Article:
FanDuel NBA Preseason Daily Fantasy Basketball Strategy Guide
It's almost NBA season, and that means it's almost time for daily fantasy NBA on FanDuel.
But you don't even have to wait until October 17th to start playing NBA DFS. FanDuel offers up NBA preseason contests, which are a bit unique compared to what you've grown accustomed to in the past during the regular season.
What's different? Let's dive in and check it out so that you can maximize your preseason performance while you ramp up for the regular season.
The scoring is the same as it is during the regular season, but there is a tweak in FanDuel's NBA scoring for this season.
|3-Point Field Goal||3|
|2-Point Field Goal||2|
You'll notice that both steals and blocks are worth an extra point from what they were in the 2016-17 season, while everything else is the same. We'll proceed accordingly with the new scoring setup for the rest of our analysis.
Roster and Salary Cap
The roster construction is the same as usual on FanDuel: a center, plus two point guards, two shooting guards, two small forwards, and two power forwards.
The $60,000 salary cap is nothing new, but individual salaries are tweaked accordingly. That means you can do a lot with your roster in terms of getting access to star players.
For example, Karl-Anthony Towns cost at least $8,000 in every game on FanDuel last season, but he may cost, say, $6,500 (his price on the opening slate when the Minnesota Timberwolves play at the Los Angeles Lakers). Why?
Well, because the preseason just operates differently than the regular season!
Preseason Rotations and Minutes
Minutes just aren't the same thing in the regular season and the preseason, so that changes things up.
During the 2016-17 regular season, 85 players averaged at least 30 minutes per game. During the 2016-17 preseason, just one player did it (it was Serge Ibaka at 31.2 minutes per game, just to satisfy your curiosity). Looking only at minutes played among the players who started each game, 23 players averaged at least 30 minutes played, but only three players started at least two preseason games and averaged 30 minutes in those.
Further, just five players hit 40-plus minutes in a single game in the 2016-17 preseason. There were more than 1,100 instances of a player getting at least 20 minutes in the preseason, but just 130 players hit 30 minutes.
So what does all this mean? Finding huge minutes isn't going to happen very often in the preseason, and basically, 30 minutes is the new 40 for preseason purposes.
This does, in turn, throw off the minutes correlation (to FanDuel points) a good bit because all types of players -- fantasy producers, shooters, and regular season starters as well as non-fantasy producers, defensive players, and bench options -- are getting similar minutes.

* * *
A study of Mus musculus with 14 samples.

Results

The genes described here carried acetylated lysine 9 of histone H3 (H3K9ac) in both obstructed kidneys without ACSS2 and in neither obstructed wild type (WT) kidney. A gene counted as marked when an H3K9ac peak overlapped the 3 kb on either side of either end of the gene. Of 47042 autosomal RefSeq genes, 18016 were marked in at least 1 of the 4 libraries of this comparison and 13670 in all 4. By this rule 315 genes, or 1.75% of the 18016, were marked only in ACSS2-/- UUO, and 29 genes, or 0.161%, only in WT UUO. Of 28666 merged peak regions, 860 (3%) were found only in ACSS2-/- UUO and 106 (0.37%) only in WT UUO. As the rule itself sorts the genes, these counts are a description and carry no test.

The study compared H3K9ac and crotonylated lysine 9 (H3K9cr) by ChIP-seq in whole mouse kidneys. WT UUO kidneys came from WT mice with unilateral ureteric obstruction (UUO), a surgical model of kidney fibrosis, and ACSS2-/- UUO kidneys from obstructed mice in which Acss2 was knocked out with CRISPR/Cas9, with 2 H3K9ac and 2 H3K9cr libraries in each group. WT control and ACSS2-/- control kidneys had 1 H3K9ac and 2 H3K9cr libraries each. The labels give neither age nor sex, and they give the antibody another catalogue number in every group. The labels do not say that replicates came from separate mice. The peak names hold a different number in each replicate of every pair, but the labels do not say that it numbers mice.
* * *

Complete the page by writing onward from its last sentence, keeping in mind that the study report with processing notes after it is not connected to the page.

To prove it, here are the correlations between a few relevant stats and FanDuel points (based on the updated scoring format) from the 1,138 player games with at least 20 minutes in the 2016-17 preseason (the closer to 1 that the correlation is, the stronger the relationship).
|Game-by-Game Stats||Correlation with FanDuel Points|
|Field Goals Made||0.696|
|Field Goals Attempted||0.560|
|Free Throw Attempts||0.424|
|Free Throws Made||0.417|
Basically, this shows that you need actual points and shot attempts to find fantasy value, which is always the case when trying to find FanDuel production. So 30 minutes from a defensive stopper might never be nearly as valuable as 20 minutes from a shoot-first player. Chase shots rather than just minutes.
Does it hold up if we look at the preseason totals of the 262 players with at least 100 minutes from the 2016-17 preseason?
|Preseason Totals||Correlation with FanDuel Points|
|Field Goals Made||0.798|
|Field Goals Attempted||0.746|
|Free Throws Attempted||0.633|
|Free Throws Made||0.610|
Yup. It still comes down mostly to which players can pour in buckets in their time on the court and (secondarily) grab rebounds.
It's not really a surprise, then, that some of the NBA's best scorers and rebounders comprised the list of the leaders in FanDuel points per minute in the 2016-17 preseason.
|Anthony Davis||1.57||Paul George||1.29|
|Russell Westbrook||1.51||Jon Leuer||1.28|
|Stephen Curry||1.41||Kevin Durant||1.23|
|Kyle Lowry||1.39||Blake Griffin||1.23|
|Nerlens Noel||1.38||Greg Monroe||1.22|
|Jared Sullinger||1.36||Nikola Vucevic||1.21|
|DeMarcus Cousins||1.34||James Harden||1.20|
|Myles Turner||1.33||Gerald Green||1.20|
|Kyle O'Quinn||1.31||Andre Drummond||1.20|
|Brook Lopez||1.29||Rudy Gay||1.20|
|Damian Lillard||1.29||Derrick Favors||1.20|
Of course, players can't score if they're on the bench, so how do you figure out which players are going to see the court?
Despite the fact that you now know points and shot attempts still matter more than sheer minutes, you need to find minutes to begin with. How do you go about finding minutes and rotations? That comes down to tracking the news.
We have our own player news section for NBA updates here at numberFire that will help you identify which players could see extended minutes or which teams might be planning to rest certain players. Rotoworld is also a fantastic source for updates on player rotations.
Twitter is also your friend in this scenario, but sifting through your buddies' tweets about their favorite TV shows can cause you to miss breaking news, so making a Twitter list will get you a leg up. This list is a great jumping off point for NBA beat writers.
DFS always favors the prepared, and by tracking the news and expected rotations -- and focusing on which players are getting shots and points rather than just paying up for the big names -- will help you find success in preseason NBA contests.
Also, not chasing minutes alone and prioritizing offensive studs even in limited roles -- which you can do easily given the salary cap in the preseason -- should give you a leg up as well.